It is the responsibility of all those involved in Scouting to ensure, so far as is reasonably practical, that all activities are conducted in a safe manner without risk to the health of the participants.
Or 'Staying Safe - Safety Checklist for Leaders' aims to help all adults working with young people to fulfil their role and responsibilities in managing and supporting safety in Scouting. The safety of both young people and adults is important. A large part of this is about being organised, asking the right questions and doing things that will help safety without taking away a sense of adventure appropriate to the age group. This is a straight-forward checklist that can be dealt with quickly and easily. Additional support can be found on www.scouts.org.uk/safety, or alternatively, speak to your line manager or others locally.
Safe scouting: a code of conduct
- Do ensure all activities are approved in accordance with POR (Rule 9.1)
- Do identify hazards and discuss how they will be managed to reduce risk (see the Activities - Risk Assessment factsheet; Staying Safe checklists for managers, executive committees and sectional leaders).
- Do ensure all meetings, events or activities have a leader in charge who is responsible for overseeing the activity and all adults and young people. This includes, registers, headcounts, allocation of roles to specific adults and checking they are aware of their specific responsibilities (see leader in charge info at www.scouts.org/safety). The best way of doing this is for all adults who will be involved in the activity to agree which one of them will undertake this function.
- Do give young people appropriate training, guidance and rules.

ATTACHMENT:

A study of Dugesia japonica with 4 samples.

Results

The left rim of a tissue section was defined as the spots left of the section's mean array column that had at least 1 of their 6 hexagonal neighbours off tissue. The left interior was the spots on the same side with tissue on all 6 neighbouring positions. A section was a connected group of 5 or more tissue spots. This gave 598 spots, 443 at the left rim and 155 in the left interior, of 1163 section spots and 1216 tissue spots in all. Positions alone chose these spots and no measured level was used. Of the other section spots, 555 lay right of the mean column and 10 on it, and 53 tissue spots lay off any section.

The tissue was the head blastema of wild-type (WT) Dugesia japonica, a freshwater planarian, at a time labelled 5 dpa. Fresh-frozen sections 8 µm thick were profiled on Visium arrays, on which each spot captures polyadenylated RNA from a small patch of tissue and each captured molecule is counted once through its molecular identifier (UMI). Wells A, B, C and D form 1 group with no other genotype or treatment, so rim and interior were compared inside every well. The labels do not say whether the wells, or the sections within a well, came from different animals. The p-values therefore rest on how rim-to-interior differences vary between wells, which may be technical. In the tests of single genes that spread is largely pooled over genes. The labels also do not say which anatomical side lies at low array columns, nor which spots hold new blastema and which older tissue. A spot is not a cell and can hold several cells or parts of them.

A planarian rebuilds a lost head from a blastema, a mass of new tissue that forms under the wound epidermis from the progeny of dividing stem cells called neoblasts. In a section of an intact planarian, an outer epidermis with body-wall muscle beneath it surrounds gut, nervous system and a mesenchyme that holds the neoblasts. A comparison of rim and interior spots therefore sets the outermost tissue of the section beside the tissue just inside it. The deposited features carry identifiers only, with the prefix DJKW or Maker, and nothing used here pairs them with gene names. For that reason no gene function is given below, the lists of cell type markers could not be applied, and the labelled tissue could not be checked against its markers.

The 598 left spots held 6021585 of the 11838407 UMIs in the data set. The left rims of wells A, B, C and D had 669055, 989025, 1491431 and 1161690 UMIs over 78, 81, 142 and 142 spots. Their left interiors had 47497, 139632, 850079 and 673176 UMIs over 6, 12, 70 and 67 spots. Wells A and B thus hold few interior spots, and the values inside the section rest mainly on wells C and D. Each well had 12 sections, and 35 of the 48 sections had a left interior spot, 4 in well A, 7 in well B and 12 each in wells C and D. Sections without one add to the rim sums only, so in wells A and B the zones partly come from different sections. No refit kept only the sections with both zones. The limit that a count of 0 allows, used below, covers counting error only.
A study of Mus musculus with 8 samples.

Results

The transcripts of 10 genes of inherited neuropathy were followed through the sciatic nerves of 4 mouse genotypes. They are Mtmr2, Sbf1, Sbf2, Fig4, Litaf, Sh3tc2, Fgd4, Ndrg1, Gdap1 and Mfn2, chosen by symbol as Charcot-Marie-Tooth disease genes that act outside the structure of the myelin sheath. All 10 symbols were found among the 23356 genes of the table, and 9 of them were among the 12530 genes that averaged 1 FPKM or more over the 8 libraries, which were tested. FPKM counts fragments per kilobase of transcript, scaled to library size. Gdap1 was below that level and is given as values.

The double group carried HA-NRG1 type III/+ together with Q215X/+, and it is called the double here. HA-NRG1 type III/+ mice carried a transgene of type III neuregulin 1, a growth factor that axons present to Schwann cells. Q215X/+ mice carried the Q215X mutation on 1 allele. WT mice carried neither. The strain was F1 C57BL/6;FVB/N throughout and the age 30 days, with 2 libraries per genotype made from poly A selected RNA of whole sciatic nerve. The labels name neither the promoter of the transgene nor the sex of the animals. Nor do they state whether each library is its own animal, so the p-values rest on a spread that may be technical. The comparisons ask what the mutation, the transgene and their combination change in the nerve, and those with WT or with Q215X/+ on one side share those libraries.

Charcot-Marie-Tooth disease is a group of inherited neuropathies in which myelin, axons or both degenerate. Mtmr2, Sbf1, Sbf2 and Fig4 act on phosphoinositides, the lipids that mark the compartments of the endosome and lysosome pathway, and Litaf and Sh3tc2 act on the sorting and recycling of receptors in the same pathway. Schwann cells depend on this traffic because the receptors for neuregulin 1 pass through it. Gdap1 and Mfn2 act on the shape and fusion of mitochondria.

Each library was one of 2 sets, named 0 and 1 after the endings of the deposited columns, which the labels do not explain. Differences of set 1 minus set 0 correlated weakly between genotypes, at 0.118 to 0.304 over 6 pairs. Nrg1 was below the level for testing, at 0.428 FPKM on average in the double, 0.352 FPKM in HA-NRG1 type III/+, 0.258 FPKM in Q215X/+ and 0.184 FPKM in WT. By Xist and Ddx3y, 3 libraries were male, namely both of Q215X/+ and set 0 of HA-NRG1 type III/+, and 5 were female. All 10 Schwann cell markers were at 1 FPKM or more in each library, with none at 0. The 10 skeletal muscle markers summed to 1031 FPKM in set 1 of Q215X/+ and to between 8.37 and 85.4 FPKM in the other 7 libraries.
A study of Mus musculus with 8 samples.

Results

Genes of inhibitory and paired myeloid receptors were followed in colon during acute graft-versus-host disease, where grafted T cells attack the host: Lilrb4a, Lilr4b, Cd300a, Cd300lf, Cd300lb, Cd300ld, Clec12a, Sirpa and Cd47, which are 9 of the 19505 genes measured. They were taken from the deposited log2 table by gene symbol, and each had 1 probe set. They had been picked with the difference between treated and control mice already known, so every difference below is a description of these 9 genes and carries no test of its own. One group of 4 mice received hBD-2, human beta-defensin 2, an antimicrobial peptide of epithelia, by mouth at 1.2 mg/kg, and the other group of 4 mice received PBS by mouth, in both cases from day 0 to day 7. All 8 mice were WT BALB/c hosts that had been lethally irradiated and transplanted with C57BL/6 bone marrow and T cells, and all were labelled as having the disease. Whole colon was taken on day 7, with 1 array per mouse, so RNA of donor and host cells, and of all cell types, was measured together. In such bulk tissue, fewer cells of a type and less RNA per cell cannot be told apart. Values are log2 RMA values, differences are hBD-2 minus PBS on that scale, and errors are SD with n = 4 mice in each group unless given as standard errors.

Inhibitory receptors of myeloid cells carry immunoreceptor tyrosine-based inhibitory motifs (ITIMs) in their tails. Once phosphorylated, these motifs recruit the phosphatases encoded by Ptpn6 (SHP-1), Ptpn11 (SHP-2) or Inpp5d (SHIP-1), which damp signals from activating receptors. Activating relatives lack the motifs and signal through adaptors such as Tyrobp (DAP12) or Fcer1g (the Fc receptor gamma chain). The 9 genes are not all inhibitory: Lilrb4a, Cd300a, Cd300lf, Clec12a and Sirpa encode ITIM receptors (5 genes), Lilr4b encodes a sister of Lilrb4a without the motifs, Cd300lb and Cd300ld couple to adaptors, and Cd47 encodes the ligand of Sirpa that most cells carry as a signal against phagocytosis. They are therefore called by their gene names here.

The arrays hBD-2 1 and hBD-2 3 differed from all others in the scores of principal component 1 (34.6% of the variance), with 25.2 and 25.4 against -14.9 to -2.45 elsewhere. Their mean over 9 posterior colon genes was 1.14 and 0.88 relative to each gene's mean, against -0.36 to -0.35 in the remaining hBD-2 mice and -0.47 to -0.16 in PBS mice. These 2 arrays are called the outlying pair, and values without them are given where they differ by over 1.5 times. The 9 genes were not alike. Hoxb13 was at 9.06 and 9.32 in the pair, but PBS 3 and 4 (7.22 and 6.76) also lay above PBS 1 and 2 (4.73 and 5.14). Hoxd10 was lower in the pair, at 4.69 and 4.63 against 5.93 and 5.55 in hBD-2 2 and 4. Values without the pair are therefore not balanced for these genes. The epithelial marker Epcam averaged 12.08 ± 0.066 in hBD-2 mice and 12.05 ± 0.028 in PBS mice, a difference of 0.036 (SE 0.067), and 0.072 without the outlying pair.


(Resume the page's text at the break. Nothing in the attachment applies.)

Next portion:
- Do be prepared to deal with accidents (have a first aid kit and relevant emergency contact details).
- Don’t be afraid to stop or alter an activity being run by you or another leader.
- Don’t put your needs above those of young people. Ensure activities are appropriate for the young people involved.
- Don’t ignore concerns expressed by adults or young people.
- Don’t assume that someone else is managing safety – always check.
Organising your programme
- Check POR rules
- Is this a Scout-led or externally-led activity?
- Check whether further insurance is required
- Check whether HQ needs notifying
- Ensure an InTouch process is in place
- Ensure all activities are approved in accordance with POR Policy
Leader in charge
- Ensure all meetings, events or activities have an identified leader in charge that is responsible for overseeing the activity and all adults and young people. This includes responsibility for registers, headcounts, allocation of roles to specific adults and checking they are aware of their specific responsibilities (see leader in charge info at www.scouts.org/safety). The best way of doing this is for all adults who will be involved in the activity to agree which one of them will undertake this function.
Putting safety on the agenda
- Ensure you understand how and when to record and report incidents, accidents and near misses. Information is contained within the purple card.
- Discuss safety at all events, activities and camp-planning meetings and reviews.
- Give young people appropriate training, guidance or rules.
Use the Five Steps of Risk Assessment
Further guidance on when to write down your risk assessment can be found in the risk assessment factsheet.